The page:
Young Thais are increasingly trying to break into K-pop following the success of several Thai artists in the industry. It’s a trend actively encouraged by South Korean entertainment companies hoping to find the next stars.
Thailand’s K-pop boom is being carried by stars like LISA, a Thai-born member of K-pop girl group BLACKPINK.
LISA’s debut single “LALISA” was a smash hit in Thailand last year. Even Prime Minister Prayut Chan-o-cha praised her, saying the government was ready to promote the country’s soft power “to increase the value of the creative economy”.
A dozen Thai artists have made a name for themselves in K-pop entertainment.
Follow in the footsteps of a teen idol
Fourteen-year-old Panida Panyo takes lessons at a studio in Buriram province, in the northeast of the country. It was launched jointly by LISA and the South Korean government in 2021 to help local young people learn K-pop dances.
The studio is set up in a local school and, much to Panida’s delight, dance lessons have been incorporated into the program. She hopes to one day become an idol like LISA.
“LISA is a huge inspiration. She motivated me to get into dancing and do it well,” says Panida. “I also want to improve my singing skills here.”
Whenever Panida feels tired or discouraged, she looks at her LISA photo collection. The superstar’s dazzling smile and glitzy costumes always keep her going.
Shortly after joining the classes, Panida was given an opportunity that many young Thais dream of. One day, while dancing in the studio, she caught the eye of an official from a South Korean entertainment company. She was offered free exclusive lessons with professional dancers.
The teenager says she wants to succeed so she can help her parents, who are farmers. Her parents are optimistic about their daughter’s future.
“It is difficult to have a stable future as a farmer. We have worked hard for many years, but we still have financial problems,” says Panida’s father. “If she can have a better life than us, we’d like her to pursue that.”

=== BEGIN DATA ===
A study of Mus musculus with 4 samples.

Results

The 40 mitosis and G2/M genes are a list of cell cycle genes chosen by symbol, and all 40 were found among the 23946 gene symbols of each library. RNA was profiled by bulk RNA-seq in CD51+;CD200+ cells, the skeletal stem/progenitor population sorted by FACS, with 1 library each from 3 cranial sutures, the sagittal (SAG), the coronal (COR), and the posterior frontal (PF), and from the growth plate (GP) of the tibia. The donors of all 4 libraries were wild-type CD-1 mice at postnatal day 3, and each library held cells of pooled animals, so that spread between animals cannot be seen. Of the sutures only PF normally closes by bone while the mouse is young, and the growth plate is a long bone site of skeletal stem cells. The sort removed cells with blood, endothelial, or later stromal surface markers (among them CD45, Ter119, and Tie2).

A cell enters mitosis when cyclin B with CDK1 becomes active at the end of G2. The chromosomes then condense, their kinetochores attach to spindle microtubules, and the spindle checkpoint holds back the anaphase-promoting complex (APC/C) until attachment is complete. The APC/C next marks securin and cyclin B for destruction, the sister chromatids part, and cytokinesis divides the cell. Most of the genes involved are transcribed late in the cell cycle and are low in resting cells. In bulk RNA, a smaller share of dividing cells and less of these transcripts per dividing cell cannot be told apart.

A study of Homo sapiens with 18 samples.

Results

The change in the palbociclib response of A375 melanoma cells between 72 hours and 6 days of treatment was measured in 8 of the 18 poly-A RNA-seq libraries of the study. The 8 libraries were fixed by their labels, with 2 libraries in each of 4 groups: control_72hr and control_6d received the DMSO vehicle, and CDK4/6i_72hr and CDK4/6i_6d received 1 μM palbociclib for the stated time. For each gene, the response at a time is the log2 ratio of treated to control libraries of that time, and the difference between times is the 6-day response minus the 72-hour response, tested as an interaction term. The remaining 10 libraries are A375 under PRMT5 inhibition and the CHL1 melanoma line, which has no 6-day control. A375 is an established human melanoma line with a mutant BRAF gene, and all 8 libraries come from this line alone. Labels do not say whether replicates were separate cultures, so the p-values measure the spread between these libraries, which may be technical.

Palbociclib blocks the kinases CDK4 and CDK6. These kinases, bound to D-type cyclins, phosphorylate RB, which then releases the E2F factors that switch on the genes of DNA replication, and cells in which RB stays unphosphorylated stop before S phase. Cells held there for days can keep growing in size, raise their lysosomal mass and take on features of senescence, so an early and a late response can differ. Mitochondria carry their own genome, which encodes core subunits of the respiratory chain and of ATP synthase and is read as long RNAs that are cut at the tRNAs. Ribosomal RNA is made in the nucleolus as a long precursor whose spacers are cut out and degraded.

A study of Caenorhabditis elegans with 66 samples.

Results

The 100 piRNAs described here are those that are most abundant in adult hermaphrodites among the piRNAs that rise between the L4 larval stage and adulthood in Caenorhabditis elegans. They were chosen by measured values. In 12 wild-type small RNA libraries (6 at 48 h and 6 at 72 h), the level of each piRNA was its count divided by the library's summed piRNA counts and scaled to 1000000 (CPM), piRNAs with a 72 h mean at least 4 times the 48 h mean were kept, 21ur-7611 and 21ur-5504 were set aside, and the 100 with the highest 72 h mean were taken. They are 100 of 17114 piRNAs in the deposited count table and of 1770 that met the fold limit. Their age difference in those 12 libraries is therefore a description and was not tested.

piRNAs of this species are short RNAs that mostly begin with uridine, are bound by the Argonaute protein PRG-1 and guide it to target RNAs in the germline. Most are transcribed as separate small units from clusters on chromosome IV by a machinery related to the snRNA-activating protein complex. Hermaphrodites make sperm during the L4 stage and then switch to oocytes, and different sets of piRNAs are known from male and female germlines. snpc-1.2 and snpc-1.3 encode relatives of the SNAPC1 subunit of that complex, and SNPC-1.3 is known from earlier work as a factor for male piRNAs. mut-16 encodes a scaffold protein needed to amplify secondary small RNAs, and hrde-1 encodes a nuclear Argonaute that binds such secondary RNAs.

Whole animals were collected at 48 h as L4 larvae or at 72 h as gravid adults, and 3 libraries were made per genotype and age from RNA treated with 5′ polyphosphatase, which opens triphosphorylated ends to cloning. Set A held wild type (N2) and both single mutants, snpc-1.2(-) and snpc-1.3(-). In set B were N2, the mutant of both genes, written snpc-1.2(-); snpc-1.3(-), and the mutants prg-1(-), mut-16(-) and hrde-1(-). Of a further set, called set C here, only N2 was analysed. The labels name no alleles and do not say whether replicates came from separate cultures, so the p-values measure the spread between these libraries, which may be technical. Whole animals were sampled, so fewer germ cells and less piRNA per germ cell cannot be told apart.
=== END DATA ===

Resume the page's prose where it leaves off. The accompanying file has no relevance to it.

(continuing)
An ideal K-pop talent hub
In Bangkok, South Korean entertainment groups hold tryouts for young Thai teenagers who want to join the K-pop industry. The auditions mainly focus on dancing and singing. Only a few will be good enough to win trips to South Korea and potentially become professional artists.
A candidate says she has been patiently waiting for this moment for years. “Since I practiced for so long, my effort must have exceeded 200 percent. My confidence is pretty high now,” she says.
Audition judge Lee Ju-yeong, who works for FNC Entertainment’s casting team, said his company is focusing on Thailand, which has so many enthusiastic supporters for its industry.
“Thai youngsters have a lot of energy. I enjoyed watching their performances. I think we will come to Thailand more often,” Lee said.
This year, Silpakorn University began offering an entertainment major to help meet the growing demand for K-pop culture. Classes not only cover singing and dancing, but also makeup and wardrobe management, as well as practical business skills such as social media management.
First-year student Tunsaporn Sakulpaet says the program will help her learn the skills to become an artist.
“I’m really happy that this kind of specialization is offered in Thailand. I can learn both performance and behind-the-scenes skills. They’re not easily found elsewhere,” she says.
Kim Jin-woo, chief researcher at music charting firm Circle Chart in South Korea, explains why Thailand can produce many K-pop artists.
“The country presents itself as an open and free environment with more potential for cultural development,” says Kim. “Thais are very receptive to other cultures, and that’s a big plus for the Korean entertainment industry.”
He says Thailand can serve as a Southeast Asian hub for South Korea, promoting K-pop culture among other countries that have their own young people who dream of becoming the next big thing in K- pop.